The earliest record of a Sumerian creation myth, called The Eridu Genesis by historian Thorkild Jacobsen, is found on a single fragmentary tablet excavated in Nippur by the Expedition of the University of Pennsylvania in 1893, and first recognized by Arno Poebel in 1912. It is written in the Sumerian language and dated to around 1600 BCE. Other Sumerian creation myths from around this date are called the Barton Cylinder, the Debate between sheep and grain and the Debate between Winter and Summer, also found at Nippur.
The beginning of the tablet is lost, but at the point of the story where the surviving portion begins, it describes how the gods An, Enlil, Enki and Ninhursanga created the Sumerians and comfortable conditions for the animals to live and procreate. Kingship then descends from heaven, and the first cities are founded: Eridu, Bad-tibira, Larak, Sippar, and Shuruppak.
After a missing section in the tablet, we learn that the gods have decided not to save mankind from an impending flood. Zi-ud-sura, the king and gudug priest, learns of this. In the later Akkadian version recorded in the Atra-Hasis Epic, Ea, or Enki in Sumerian, the god of the waters, warns the hero (Atrahasis in this case) and gives him instructions for building an ark. This is missing in the Sumerian fragment, but a mention of Enki taking counsel with himself suggests that this is Enki's role in the Sumerian version as well.
After a missing section in the tablet, we learn that the gods have decided to send a flood to destroy mankind. The god Enki (lord of the underworld sea of fresh water and Sumerian equivalent of Babylonian god Ea) warns Ziusudra, the ruler of Shuruppak, to build a large boat (the passage describing the directions for the boat is also lost).
When the tablet resumes, it is describing the flood. A terrible storm raged for seven days and nights. "The huge boat had been tossed about on the great waters." Then Utu (Sun) appears and Ziusudra opens a window, prostrates himself, and sacrifices an ox and a sheep.
After another break, the text resumes with the flood apparently over, and Ziusudra is prostrating himself before An (Sky) and Enlil (Lordbreath), who give him "breath eternal" for "preserving the animals and the seed of mankind". The remainder of the poem is lost.
The Epic of Ziusudra adds an element at lines 258-261 not found in other versions, that after the river flood "king Ziusudra ... they caused to dwell in the land of the country of Dilmun, the place where the sun rises". In this version of the story, Ziusudra's boat floats down the Euphrates river into the Persian Gulf (rather than up onto a mountain, or up-stream to Kish). The Sumerian word KUR in line 140 of the Gilgamesh flood myth was interpreted to mean "mountain" in Akkadian, although in Sumerian, KUR did not mean "mountain" but rather "land", especially a foreign country.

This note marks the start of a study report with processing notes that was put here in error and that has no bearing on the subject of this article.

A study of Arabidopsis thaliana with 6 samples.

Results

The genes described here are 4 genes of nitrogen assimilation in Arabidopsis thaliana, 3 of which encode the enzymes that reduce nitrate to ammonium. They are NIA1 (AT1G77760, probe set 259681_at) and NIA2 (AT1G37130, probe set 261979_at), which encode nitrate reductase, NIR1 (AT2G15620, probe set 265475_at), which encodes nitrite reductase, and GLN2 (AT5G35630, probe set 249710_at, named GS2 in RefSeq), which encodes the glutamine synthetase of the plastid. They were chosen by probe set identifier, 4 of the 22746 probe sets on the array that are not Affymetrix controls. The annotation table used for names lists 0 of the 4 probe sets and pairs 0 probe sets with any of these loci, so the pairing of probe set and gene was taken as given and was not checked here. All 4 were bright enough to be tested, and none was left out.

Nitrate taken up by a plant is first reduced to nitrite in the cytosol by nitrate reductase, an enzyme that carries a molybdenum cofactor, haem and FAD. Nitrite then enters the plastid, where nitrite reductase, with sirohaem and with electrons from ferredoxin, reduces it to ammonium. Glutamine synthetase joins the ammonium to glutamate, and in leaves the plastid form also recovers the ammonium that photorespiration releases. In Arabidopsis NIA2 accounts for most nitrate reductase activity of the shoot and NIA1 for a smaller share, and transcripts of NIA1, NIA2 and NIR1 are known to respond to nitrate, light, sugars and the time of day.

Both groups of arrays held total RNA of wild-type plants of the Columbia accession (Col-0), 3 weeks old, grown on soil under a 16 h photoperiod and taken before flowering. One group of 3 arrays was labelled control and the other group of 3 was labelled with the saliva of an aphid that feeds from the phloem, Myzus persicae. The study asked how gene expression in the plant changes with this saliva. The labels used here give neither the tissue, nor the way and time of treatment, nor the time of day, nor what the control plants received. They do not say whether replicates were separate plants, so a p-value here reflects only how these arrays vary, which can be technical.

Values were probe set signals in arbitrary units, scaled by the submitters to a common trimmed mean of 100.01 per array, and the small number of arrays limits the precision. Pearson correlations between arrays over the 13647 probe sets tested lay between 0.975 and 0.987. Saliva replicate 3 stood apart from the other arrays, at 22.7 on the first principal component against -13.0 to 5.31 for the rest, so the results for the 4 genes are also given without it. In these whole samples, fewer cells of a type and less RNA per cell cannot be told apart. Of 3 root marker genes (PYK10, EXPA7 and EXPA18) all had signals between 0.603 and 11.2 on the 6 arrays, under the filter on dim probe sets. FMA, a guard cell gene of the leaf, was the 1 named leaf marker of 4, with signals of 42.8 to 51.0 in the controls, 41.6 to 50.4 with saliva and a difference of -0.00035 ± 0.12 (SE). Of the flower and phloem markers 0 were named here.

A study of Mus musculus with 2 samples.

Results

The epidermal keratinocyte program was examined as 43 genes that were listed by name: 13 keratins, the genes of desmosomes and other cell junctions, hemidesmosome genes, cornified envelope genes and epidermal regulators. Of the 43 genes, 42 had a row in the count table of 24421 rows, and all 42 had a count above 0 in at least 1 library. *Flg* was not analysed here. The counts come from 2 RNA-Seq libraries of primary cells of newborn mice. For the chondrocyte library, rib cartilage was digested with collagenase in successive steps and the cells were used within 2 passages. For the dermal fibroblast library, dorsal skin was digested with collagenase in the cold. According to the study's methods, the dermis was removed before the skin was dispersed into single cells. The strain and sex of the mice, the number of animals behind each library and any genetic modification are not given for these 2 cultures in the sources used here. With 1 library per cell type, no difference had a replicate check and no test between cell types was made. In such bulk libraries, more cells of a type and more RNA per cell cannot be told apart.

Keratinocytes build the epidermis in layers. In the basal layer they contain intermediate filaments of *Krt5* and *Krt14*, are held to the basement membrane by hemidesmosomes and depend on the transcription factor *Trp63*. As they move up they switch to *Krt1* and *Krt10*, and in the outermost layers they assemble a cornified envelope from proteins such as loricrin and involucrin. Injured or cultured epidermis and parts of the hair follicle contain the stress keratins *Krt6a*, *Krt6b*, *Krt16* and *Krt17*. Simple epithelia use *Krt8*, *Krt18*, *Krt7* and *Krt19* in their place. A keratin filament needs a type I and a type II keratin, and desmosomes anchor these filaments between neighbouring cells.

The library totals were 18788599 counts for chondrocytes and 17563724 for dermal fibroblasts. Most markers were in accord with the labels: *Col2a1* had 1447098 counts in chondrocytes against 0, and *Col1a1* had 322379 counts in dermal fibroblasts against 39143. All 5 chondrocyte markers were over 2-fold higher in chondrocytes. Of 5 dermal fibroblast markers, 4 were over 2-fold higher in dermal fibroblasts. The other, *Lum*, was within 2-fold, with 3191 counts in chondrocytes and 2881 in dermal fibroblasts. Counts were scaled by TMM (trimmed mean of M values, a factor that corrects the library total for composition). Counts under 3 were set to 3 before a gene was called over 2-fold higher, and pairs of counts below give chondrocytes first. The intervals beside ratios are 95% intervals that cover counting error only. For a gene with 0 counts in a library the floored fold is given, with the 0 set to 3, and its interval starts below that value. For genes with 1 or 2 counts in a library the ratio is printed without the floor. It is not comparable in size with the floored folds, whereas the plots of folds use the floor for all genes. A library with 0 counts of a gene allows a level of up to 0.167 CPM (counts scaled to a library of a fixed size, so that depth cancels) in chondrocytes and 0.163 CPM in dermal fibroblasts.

Some modern scholars believe the Sumerian deluge story corresponds to localized river flooding at Shuruppak (modern Tell Fara, Iraq) and various other cities as far north as Kish, as revealed by a layer of riverine sediments, radiocarbon dated to c. 2900 BCE, which interrupt the continuity of settlement. Polychrome pottery from the Jemdet Nasr period (c. 3000-2900 BCE) was discovered immediately below this Shuruppak flood stratum. None of the predynastic antediluvian rulers have been verified as historical by archaeological excavations, epigraphical inscriptions or otherwise. While there is no evidence they ever reigned as such, the Sumerians purported them to have lived in the mythical era before the great deluge.
A Sumerian document known as the Instructions of Shuruppak, dated by Kramer to about 2600 BCE, refers in a later version to Ziusudra. Kramer stated Ziusudra had become a "venerable figure in literary tradition" by the 3rd millennium BCE.
Other flood myths with many similarities to the Sumerian story are the story of the Dravida king Manu in the Matsya Purana, the Utnapishtim episode in the Epic of Gilgamesh and the Genesis flood narrative found in the Bible. The ancient Greeks have two similar myths from a later date: The Deucalion and Zeus' flooding of the world in Book I of Ovid's Metamorphoses.
Zi-ud-sura is known to us from the following sources:
In both of the late-dated king lists cited above, the name Zi-ud-sura was inserted immediately before a flood event included in all versions of the Sumerian king list, apparently creating a connection between the ancient Flood myth and a historic flood mentioned in the king list. However, no other king list mentions Zi-ud-sura.